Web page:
Assembly Approves Oliver & Wagner Measure to Ensure Better Coverage for Mental Health Treatment
Measure Urges Christie to Forego Exemptions that Allow State to Offer Less Coverage for Mental Health Treatment Than Other Illnesses
(TRENTON) – The full Assembly on Thursday approved a measure sponsored by Assembly Speaker Sheila Y. Oliver and Assemblywoman Connie Wagner to help boost access to mental health treatment by increasing insurance coverage.
The measure (AR-144), approved by a vote of 48-28-1, is part of the comprehensive Assembly Democratic anti-gun violence initiative, which is comprised of roughly two dozen bills.
“In order to ensure that people with mental illnesses have access to the treatment they need, mental health services must not be treated as the illegitimate step child of the health insurance world,” said Oliver (D-Essex/Passaic). “Mental health treatment is crucial to reducing suicide rates, violence and incarceration. This is a crucial component of any strategy to reduce gun violence. In the long run, the cost of providing mental health treatment is far less expensive than the socio-economic fall out of mental illness. It’s also the far more humane approach.”
The legislation urges Governor Christie to take a leadership role in the public mental health agenda and not apply for an annual exemption from the requirements of the federal Mental Health Parity and Addiction Equity Act of 2008.
“Despite the availability of effective mental health treatments, the rates for both adults and children that actually receive the help they need is alarmingly low,” said Wagner (D-Bergen/Passaic). “Without the proper treatment, certain mental illnesses can increase the likelihood of violence or suicide. Access to mental health treatment is crucial for any effective anti-gun violence initiative.”
The federal Mental Health Parity and Addiction Equity Act of 2008 requires group health plans and health insurance issuers to ensure that the financial requirements, such as co-pays and deductibles, and treatment limitations, such as visit limitations, applicable to mental health or substance abuse disorder benefits are no more restrictive than the predominant requirements or limitations applied to substantially all medical and surgical benefits.
Under current federal law, sponsors or administrators of self-funded nonfederal governmental group health plans may apply for plan exemptions from parity in the application of certain treatment limitations to mental health benefits under the Mental Health Parity and Addiction Equity Act of 2008.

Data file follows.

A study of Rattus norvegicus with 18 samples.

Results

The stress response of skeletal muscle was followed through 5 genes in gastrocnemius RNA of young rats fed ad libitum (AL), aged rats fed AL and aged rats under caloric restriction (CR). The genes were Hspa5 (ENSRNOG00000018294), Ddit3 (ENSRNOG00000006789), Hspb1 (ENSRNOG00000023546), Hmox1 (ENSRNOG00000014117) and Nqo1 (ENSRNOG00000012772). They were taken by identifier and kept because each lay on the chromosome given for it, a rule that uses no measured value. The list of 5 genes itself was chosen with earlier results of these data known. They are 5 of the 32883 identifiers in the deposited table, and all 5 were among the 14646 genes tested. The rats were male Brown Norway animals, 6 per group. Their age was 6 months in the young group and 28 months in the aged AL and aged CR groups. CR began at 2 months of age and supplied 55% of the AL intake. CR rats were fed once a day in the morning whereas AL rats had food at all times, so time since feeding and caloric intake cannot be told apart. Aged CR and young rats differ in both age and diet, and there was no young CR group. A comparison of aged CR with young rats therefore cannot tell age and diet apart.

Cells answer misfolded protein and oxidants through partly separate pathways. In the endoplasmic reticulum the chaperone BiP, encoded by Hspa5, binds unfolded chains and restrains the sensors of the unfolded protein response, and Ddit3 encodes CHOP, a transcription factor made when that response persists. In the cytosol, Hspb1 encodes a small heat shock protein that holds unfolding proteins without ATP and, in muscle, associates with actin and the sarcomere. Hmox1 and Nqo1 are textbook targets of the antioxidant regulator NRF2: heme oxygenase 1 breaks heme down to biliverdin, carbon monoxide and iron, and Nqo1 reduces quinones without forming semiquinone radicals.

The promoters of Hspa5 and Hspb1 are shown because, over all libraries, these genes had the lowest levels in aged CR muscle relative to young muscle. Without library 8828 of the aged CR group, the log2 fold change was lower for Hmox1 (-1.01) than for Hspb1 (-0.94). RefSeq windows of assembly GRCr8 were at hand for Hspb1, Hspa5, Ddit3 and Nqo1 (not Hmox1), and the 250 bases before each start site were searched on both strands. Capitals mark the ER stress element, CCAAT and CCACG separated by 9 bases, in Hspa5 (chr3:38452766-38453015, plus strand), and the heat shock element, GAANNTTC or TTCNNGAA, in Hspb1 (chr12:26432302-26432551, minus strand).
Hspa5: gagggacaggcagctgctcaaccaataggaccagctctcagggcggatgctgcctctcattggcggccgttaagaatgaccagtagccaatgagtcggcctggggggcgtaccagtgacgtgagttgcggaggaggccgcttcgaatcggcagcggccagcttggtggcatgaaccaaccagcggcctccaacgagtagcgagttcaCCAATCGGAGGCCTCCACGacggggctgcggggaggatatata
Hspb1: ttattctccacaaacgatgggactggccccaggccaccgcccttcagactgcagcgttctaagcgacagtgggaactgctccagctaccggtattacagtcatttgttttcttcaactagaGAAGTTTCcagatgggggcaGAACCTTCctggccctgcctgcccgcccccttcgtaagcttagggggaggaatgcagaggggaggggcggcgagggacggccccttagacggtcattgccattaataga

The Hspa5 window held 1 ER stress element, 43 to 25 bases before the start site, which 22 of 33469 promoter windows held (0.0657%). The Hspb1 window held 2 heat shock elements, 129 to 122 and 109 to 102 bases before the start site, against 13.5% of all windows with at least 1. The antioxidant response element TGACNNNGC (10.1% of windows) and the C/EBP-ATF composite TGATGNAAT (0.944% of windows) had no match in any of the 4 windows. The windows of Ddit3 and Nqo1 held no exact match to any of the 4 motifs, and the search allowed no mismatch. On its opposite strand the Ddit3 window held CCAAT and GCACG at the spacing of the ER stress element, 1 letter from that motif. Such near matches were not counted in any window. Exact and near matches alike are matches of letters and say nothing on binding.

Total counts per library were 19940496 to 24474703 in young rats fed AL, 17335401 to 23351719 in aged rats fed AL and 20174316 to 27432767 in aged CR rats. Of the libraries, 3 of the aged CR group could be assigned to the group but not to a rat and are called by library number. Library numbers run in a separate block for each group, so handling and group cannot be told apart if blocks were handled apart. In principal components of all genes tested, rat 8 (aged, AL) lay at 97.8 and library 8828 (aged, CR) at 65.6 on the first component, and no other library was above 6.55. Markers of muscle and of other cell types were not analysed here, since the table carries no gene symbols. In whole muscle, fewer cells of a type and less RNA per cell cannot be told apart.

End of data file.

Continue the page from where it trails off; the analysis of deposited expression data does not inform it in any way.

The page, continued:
The Executive Branch has been applying annually for an exemption from mental health parity since the 1980’s and 1990’s and from mental health and substance abuse parity since 2008 through plan design and the State Health Benefits Commission action, and in the current state fiscal year is exempt from mental health and substance abuse parity as it applies to visit limits which may reduce the efficacy of treatment.
The sponsors noted that approximately 50 percent of mental disorders begin before the age of 14; one in five of the world’s children and adolescents are estimated to have mental disorders or problems; and one in four adults experience a mental health disorder in a given year. However, the lawmakers underscored that fewer than one-third of adults and one-half of children with a diagnosable mental disorder receive mental health services in a given year despite the availability of effective treatments.
Approximately one in four state prisoners, one in five local jail prisoners, and seven out of ten youths in the juvenile justice system have a recent history of a mental health disorder, while over 50 percent of students age 14 and older with a mental disorder drop out of high school, the highest drop out rate of any disability group.
War and major disaster also have a large impact on mental health and psychosocial well-being such that rates of mental disorder tend to double after emergencies and lead to increased risk factors for communicable and non-communicable diseases, intentional and unintentional injury, and suicide.
Mental disorders are one of the most prominent and treatable causes of suicide. In the United States, the annual, indirect economic cost of mental illness is estimated to be $79 billion, most of which ($63 billion) reflects the loss of productivity, but the financial resources needed to treat mental disorders range between $2 to $4 per person, per year.
A duly authenticated, signed copy of the measure will now be transmitted to Governor Christie.